The past week in politics has been extraordinary.
This time five days ago just a handful of people, John Key's wife Bronagh, his chief of staff and Bill English knew about the bomb he was about to detonate.
For the rest of us it was a "we-remember-what-we-were-doing" moment.
For Labour it was a high-five time, there were broad smiles all round, the main obstacle to their hope of pulling off an election win next year had been removed.
National MPs were left picking their jaws off the carpet.
The man who had taken them to three election wins, and who had always maintained he was looking forward to a fourth, was calling it a day.
They suddenly felt uncomfortable, for a decade the party didn't have to think about a leader, they were more than happy with the one they had.
Since the bombshell they've been scrambling to make sense of it all and to turn their attention to an alternative.
A number were peeved that their revered leader seemed to be taking their decision away from them by anointing Bill English as his successor with the bubble and squeak Paula Bennett as his deputy.
As it was, the crowning glory for English was the glowing Treasury forecasts, and the other two wannabes, Judith Collins and Jonathan Coleman after the top job were history.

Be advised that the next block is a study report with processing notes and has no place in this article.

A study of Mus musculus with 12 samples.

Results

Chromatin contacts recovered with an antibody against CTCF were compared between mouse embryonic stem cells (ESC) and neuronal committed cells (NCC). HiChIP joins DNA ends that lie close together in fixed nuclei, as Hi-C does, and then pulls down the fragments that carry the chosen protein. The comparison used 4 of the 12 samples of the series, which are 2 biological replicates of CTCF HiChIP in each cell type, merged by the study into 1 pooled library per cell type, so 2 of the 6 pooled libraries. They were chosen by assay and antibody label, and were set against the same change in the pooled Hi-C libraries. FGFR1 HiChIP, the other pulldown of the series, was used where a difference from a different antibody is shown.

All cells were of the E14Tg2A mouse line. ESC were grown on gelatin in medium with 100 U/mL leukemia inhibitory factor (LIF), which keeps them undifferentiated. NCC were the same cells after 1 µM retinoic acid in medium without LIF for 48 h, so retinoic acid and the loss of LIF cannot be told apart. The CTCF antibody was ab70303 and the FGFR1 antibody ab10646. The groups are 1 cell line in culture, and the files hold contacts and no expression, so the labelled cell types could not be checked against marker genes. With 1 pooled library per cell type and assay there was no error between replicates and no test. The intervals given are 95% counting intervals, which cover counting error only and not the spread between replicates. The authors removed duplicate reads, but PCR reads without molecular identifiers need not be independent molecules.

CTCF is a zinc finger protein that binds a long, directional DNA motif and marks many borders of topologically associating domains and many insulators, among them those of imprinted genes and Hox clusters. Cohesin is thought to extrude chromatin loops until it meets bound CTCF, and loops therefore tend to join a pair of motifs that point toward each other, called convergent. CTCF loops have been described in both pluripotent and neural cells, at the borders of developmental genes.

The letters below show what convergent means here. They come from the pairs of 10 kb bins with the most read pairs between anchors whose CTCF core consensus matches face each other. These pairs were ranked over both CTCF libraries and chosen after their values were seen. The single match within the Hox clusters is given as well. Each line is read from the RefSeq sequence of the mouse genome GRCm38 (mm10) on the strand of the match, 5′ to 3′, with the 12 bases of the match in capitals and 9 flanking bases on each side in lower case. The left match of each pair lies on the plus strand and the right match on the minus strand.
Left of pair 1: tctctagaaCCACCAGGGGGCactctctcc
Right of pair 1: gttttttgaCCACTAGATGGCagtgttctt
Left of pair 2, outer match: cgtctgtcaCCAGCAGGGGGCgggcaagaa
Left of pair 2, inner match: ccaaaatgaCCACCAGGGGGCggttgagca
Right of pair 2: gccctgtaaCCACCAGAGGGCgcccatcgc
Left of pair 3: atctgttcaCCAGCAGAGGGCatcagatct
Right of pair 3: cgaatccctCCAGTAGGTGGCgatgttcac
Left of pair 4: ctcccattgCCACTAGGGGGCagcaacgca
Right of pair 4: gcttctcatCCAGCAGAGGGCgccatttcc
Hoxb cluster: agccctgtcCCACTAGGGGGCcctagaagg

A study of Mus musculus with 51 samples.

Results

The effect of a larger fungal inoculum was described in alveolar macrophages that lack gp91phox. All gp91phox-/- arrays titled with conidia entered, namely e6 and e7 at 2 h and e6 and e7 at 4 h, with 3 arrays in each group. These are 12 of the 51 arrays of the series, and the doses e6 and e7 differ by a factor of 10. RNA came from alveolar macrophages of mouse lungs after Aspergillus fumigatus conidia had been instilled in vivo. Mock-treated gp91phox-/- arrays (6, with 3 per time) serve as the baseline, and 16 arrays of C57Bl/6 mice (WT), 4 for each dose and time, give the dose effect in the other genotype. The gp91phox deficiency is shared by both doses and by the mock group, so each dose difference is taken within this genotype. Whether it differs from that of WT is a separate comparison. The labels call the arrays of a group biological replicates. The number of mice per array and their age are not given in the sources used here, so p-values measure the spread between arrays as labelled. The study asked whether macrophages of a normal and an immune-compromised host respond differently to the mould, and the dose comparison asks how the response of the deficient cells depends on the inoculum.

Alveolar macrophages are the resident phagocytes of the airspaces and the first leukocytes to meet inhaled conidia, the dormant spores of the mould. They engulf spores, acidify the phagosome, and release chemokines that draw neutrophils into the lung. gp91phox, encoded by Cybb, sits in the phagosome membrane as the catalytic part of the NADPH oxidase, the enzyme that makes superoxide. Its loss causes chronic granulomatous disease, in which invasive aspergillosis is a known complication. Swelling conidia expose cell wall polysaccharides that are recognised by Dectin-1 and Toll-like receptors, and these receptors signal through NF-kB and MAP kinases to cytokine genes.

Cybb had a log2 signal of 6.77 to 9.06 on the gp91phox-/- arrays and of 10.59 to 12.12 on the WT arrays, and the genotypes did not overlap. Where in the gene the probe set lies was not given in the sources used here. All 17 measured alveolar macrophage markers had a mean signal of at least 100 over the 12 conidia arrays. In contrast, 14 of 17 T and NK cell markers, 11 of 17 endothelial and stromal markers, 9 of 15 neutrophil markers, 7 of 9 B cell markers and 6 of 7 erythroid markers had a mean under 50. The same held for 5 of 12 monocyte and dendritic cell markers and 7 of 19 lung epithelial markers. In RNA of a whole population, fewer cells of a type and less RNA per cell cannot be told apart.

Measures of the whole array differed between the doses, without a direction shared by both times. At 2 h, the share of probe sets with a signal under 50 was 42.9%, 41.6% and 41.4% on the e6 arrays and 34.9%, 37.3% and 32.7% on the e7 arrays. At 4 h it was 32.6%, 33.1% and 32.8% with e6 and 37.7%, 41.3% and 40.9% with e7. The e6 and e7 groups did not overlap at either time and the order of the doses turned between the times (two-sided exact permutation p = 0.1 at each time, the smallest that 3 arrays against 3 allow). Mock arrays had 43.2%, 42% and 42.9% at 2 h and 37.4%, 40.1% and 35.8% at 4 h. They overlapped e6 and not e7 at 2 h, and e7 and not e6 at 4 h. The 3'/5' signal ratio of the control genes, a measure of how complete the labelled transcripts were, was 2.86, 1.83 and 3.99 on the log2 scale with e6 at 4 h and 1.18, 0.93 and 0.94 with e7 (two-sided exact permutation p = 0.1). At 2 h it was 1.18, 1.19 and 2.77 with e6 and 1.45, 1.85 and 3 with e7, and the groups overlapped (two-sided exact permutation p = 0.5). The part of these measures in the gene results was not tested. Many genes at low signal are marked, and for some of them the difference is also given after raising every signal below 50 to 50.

In reality it was a Clayton's contest and now the Prime Minister-elect Bill English has the nightmare job of rewarding his supporters and dumping some of his colleagues, but that's leadership.
And there's another decision he'll have to confront with Labour losing the last of its ex-leaders David Shearer to the United Nations at the end of January.
English will have to decide whether to have a by-election in Mt Albert, or call an election within six months of Shearer's departure.
Even though a revived Andrew Little says the low polling Labour Party's ready to go to the electorate, that's unlikely to happen with the new leader, who'll be wanting time to prove that life without Key is possible along with a new-look National Party lineup on board.
And Little would be wise to bide his time and use it to understand what the centre ground is rather than dismissing Helen Clark's view that you've got to win it to secure the Treasury benches.
He'd do well to appreciate that she, like Key, knew how to identify it and as a result won three elections apiece.